Showing posts from January, 2010

In Soviet Russia, truck owns you!

   Though not without charm, the Soviet Bloc cars that found their way to Cuba cannot match the appeal – to me, at least – of the trucks supplied to the island by Russia and its allies. Like Soyuz spacecraft, they seem to have been designed from drawings in Popular Mechanics and assembled from odd parts discovered in the back rooms of hardware stores. Here are a few I’ve come across.    I believe this GAZ, converted into a bus, is the 52 model built between 1966 and 1978. “That’s a Russian truck,” said a young man waiting to board it. “But do you know what we call it? Bullshit!” Must have been a political comment, because I thought this product of Gorky Automobile Plant , freshly finished in rich turquoise, was quite smart-looking.    The ZIL 130 is ubiquitous in Cuba, but then, it’s a common sight still in many countries. Introduced in 1964, the 130 was still being assembled three decades later, with production estimated at 3.4 million. Flatbeds and dump trucks were popula

Worthy images

   Michael Roy is another regular visitor to Cuba who enjoys photographing the island’s cars, architecture and people – worthy subjects, all.    With Michael’s gracious consent, I’m posting some of my favourites from his work. See more of his automotive photos in the Cars of Cuba group on Facebook, and his other studies in the I Love Cuba group. This 1960 Chevrolet four-door Sport Sedan is one of the last American cars exported to Cuba after Castro took power. What stopped the shipments? It wasn’t the trade embargo. (See earlier post .) Call me a Cadillac cab – and send out this fine 1950 specimen. A 1958 Ford Thunderbird in Havana: That should buff out.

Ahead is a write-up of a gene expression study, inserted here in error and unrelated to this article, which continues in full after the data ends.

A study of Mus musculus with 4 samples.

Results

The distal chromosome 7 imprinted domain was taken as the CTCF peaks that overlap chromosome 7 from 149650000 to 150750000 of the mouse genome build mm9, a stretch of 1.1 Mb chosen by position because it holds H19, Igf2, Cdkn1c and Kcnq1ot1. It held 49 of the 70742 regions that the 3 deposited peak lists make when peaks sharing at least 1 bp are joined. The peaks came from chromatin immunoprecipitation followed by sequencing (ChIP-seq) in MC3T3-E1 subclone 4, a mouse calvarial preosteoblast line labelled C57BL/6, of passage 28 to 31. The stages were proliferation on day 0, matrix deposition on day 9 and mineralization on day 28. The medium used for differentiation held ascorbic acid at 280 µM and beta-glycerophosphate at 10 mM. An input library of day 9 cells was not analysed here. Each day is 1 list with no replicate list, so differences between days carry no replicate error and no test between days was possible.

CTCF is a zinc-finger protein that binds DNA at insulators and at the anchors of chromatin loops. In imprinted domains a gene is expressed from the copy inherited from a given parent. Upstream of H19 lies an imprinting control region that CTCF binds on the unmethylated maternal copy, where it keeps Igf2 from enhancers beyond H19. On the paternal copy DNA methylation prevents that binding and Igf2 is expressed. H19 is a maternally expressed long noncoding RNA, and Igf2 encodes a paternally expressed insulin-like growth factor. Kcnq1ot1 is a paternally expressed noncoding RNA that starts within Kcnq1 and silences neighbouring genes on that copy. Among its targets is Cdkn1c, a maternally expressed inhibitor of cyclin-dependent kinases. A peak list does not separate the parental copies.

More of Tony’s trophies

Some other neat sightings from Tony Robertson: A display of motorcycles at a gathering of Cuba’s famous Harlistas. I’d say this Harley-Davidson is a mid-1950s FL Hydra-Glide, maybe even a ’54 from H-D’s 50th anniversary year. If I’m wrong, I’m sure someone will tell me . Thought I recognized this BMW Isetta 300. It’s the same Havana Isetta that’s pictured on the Wikipedia entry for this model. The microcar is partially covered in this photo, but from that other shot, we can tell that it’s not a Cabriolet Tropical like the one I rode in last year. Tony says this Hispano-Suiza is the rarest car he’s seen in Cuba. I think it’s an H6B , the model that was one of the most refined and expensive cars of the 1920s. One of the several custom coachbuilders that worked with Hispano-Suiza would have supplied the closed body on this right-hand-drive example. No doubt this is a very valuable ca r.

The usual rental car adventure

   Heading to Cuba next month. Given last year’s no-show experience, I’m looking for another agency with which to set up a rental car. I’ll let you know how that works out.    Meantime, a Lonely Planet forum has some entertaining advice on Cuban travel from an American who sidestepped his (or maybe her) country’s travel restrictions to ramble around the island in a rental car of uncertain pedigree. See the posts here , here and here . I told you paperwork was important.    Finally, comrade, which one’s the Lada 1300, and which is the Moskvich 1500? Both, you’ll admit, are spiffy.